Monday, May 28, 2012


We have all perhaps heard that life today has become too complex.  One of the better advocates of simple living is an Englishman of the 19th century: the Reverend William Barnes, who besides being an Anglican priest was also a linguist, mathematician, farmer, poet, and many things else.  In short, a genius.  His effort to free English speech from thralldom to the tongue of the Norman invaders is worthy of study in and of itself, for language is a more important part of the life of a people than we often credit it.  That effort is evident in the poem below (and in all his poems written in the Dorset dialect).  But more immediately, we should take note of just how content we could be with a very few things that we valued greatly:  good company, a warm fire, a sword, sturdy furnishings.  More will be friendly to this point of view during our self-made economic crisis, but we should remember it well in good times also.

‘The Settle an’ the Girt Wood Vire’

Ah! naïghbour John, since I an' you
Wer youngsters, ev'ry thing is new.
My father's vires wer all o' logs
O' cleft−wood, down upon the dogs
Below our clavy, high, an' brode
Enough to teäke a cart an' lwoad,
Where big an' little all zot down
At bwoth zides, an' bevore, all roun'.
An' when I zot among em, I
Could zee all up ageän the sky
Drough chimney, where our vo'k did hitch
The zalt−box an' the beäcon−vlitch,
An' watch the smoke on out o' vier,
All up an' out o' tun, an' higher.
An' there wer beäcon up on rack,
An' pleätes an' dishes on the tack;
An' roun' the walls wer heärbs a−stowed
In peäpern bags, an' blathers blowed.
An' just above the clavy−bwoard
Wer father's spurs, an' gun, an' sword;
An' there wer then, our girtest pride,
The settle by the vier zide.
Ah! gi'e me, if I wer a squier,
The settle an' the girt wood vier.

But they've a−wall'd up now wi' bricks
The vier pleäce vor dogs an' sticks,
An' only left a little hole
To teäke a little greäte o' coal,
So small that only twos or drees
Can jist push in an' warm their knees.
An' then the carpets they do use,
Ben't fit to tread wi' ouer shoes;
An' chairs an' couches be so neat,
You mussen teäke em vor a seat:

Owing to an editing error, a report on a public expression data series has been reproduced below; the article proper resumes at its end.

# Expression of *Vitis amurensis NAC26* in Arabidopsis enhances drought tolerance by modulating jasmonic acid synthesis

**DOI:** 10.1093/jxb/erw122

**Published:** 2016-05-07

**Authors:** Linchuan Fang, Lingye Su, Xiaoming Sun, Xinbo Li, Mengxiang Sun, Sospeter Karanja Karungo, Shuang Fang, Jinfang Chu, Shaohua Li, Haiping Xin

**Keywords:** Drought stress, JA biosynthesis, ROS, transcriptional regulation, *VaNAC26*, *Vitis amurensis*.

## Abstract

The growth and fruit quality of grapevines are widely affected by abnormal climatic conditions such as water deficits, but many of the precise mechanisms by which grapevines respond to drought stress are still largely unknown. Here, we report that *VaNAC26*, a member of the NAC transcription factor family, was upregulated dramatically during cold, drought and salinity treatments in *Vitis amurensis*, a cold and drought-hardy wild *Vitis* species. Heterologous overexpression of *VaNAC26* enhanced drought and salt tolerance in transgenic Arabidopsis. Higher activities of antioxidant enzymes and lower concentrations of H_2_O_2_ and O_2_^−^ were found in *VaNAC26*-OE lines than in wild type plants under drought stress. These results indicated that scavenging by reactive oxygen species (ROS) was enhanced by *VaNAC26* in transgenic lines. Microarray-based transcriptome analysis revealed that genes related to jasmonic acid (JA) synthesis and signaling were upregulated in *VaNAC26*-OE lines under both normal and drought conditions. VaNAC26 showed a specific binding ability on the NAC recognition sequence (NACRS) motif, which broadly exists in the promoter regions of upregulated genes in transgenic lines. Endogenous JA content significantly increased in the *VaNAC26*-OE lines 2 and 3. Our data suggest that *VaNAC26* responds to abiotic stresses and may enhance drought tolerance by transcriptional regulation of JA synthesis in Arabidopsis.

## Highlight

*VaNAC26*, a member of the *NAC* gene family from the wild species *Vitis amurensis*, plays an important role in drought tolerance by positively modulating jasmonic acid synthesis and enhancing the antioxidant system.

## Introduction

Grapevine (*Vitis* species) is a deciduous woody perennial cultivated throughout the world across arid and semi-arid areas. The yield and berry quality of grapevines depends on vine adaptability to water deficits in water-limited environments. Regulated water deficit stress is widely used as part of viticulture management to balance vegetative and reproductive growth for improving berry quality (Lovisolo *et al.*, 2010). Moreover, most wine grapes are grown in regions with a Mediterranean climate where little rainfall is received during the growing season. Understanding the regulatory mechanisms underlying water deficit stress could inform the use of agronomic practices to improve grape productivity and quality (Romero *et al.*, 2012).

They be so fine, that vo'k mus' pleäce
All over em an' outer ceäse,
An' then the cover, when 'tis on,
Is still too fine to loll upon.
Ah! gi'e me, if I wer a squier,
The settle an' the girt wood vier.

Carpets, indeed! You coulden hurt
The stwone−vloor wi' a little dirt;
Vor what wer brought in doors by men,
The women soon mopp'd out ageän.
Zoo we did come vrom muck an' mire,
An' walk in straïght avore the vier;
But now, a man's a−kept at door
At work a pirty while, avore
He's screäp'd an' rubb'd, an' cleän and fit
To goo in where his wife do zit.
An' then if he should have a whiff
In there, 'twould only breed a miff:
He cant smoke there, vor smoke woon't goo
'Ithin the footy little flue.
Ah! gi'e me, if I wer a squier,
The settle an' the girt wood vier.

A Brief Guide to the Dorset Dialect:
aï=‘ah’ followed by long ‘e’
eä=long ‘e’ followed by long ‘a’
wo=long ‘o’
Settle=high backed wooden bench


All of Rev Barnes’s poems are now part of the public domain.  The best collection of his poems per Father Andrew Phillips, who has written a biography of Rev Barnes, a study of his thought on various subjects, and has examined in detail his attempt to revive the Anglo-Saxon/Wessex form of English (The Rebirth of England and English: the Vision of William Barnes), is the two-volume set The Poems of William Barnes (1962), edited by Bernard Jones.  This version of ‘The Settle an’ the Girt Wood Vire’ comes from this web site:

Some changes have been made so that it follows the Jones edition.